The job responsibilities of a bookseller are quite self-explanatory. Basically, they sell books to people and help the customers of a bookstore (or any establishment that sells books) find the paperbacks, hardbacks and magazines that they’re looking for.
Booksellers also make suggestions or give expert advice on the books and other products that the store offers.
The actual responsibilities may differ slightly from store to store, but essentially booksellers do a whole range of tasks, from processing transactions and coordinating book reservations, to stacking bookshelves and helping customers with their consumer needs (even when they don’t have a clear idea of what they want).
They are also responsible for assessing the sales activity and creating plans and strategies to make sure that the store meets its sales targets.
Salary & benefits
Most booksellers do it for the love of books (a fact that isn’t surprising, considering their annual salary).
Bigger bookstores can offer as much as £40,000 a year for head booksellers. However, the smaller ones may only offer between £12,000 and £20,000 a year.
Working hours depend on the individual operational hours of the store. Since most bookstores are open at the weekends, booksellers may have to work hours outside of the standard working week (maybe even on national holidays, in some cases).
Full-time booksellers work either on the opening shift (meaning that they’re in the store an hour or two before opening) or the closing shift (meaning that they remain in the store an hour or two after closing).
Understandably, booksellers are engaged in the retail environment, so the working day can be quite busy and hectic, depending on the store’s normal foot traffic.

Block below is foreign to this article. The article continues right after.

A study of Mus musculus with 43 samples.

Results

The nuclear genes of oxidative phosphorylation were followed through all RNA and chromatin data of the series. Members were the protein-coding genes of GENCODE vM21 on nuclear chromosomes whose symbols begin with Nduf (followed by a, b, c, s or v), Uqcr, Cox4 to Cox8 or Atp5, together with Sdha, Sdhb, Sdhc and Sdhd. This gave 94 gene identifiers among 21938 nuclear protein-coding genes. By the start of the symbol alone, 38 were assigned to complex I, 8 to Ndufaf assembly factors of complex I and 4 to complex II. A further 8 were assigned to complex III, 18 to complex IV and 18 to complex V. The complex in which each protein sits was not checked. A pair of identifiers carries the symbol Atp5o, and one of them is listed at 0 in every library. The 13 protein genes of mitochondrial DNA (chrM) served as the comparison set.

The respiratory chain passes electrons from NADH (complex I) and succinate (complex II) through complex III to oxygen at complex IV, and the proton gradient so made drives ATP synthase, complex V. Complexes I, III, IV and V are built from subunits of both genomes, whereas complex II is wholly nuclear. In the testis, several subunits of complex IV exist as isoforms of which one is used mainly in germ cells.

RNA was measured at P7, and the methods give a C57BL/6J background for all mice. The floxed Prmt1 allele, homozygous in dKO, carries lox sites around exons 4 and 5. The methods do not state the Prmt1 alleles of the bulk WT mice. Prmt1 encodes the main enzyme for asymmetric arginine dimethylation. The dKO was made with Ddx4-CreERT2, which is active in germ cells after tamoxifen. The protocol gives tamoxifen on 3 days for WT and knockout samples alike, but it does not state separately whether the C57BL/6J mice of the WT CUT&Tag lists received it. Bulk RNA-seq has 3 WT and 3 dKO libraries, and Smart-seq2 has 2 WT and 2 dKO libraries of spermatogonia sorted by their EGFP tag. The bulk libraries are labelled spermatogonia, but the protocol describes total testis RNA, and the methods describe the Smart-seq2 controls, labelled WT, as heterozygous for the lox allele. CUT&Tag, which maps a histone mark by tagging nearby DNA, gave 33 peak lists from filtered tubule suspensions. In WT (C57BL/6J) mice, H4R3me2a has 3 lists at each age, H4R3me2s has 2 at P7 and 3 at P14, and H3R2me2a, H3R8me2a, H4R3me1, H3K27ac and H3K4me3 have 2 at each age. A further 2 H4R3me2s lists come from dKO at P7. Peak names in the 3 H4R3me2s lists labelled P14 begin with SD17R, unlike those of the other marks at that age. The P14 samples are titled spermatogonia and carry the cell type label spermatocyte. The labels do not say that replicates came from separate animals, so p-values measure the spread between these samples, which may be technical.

Another good point for prospective booksellers to remember is that there are job opportunities everywhere, but the bigger stores are usually situated in bigger cities.
As with most areas of retail, booksellers don’t need to have a degree. Sure, a degree may give you an edge over other applicants. However, some employers may prefer candidates with retail experience over those with scholastic credentials.
The usual clincher here is the applicant’s passion for books. How much does the applicant really know about books?
This is an important issue, since the core of a bookseller’s job is to help customers find books, which, in turn, should lead to a sale. How can a bookseller sell books if they don’t know much about them?
Awareness of publishing trends is a necessity here. Niche or specialty bookstores may even require booksellers to know about their area of interest (for instance, a store selling art books will hire booksellers with knowledge on art).
Since most stores now sell books online, a decent knowledge of I.T. can also be useful.
Training & progression
There are no standardised industry-wide training schemes for these careers. Incidentally, you won’t be required to do any extra professional exams to develop your career in this area.
Most training schemes will be offered by individual employers and these will vary greatly between different organisations.
It’s likely that you will do the majority of your training on-the-job. For instance, your store manager may train you in customer service techniques or give you extra guidance on niche bookselling areas.
People who want to progress in this field usually move to bigger bookstore chains to get a desired promotion. It’s also not uncommon for booksellers to use their experience as a stepping stone into other industries, such as publishing.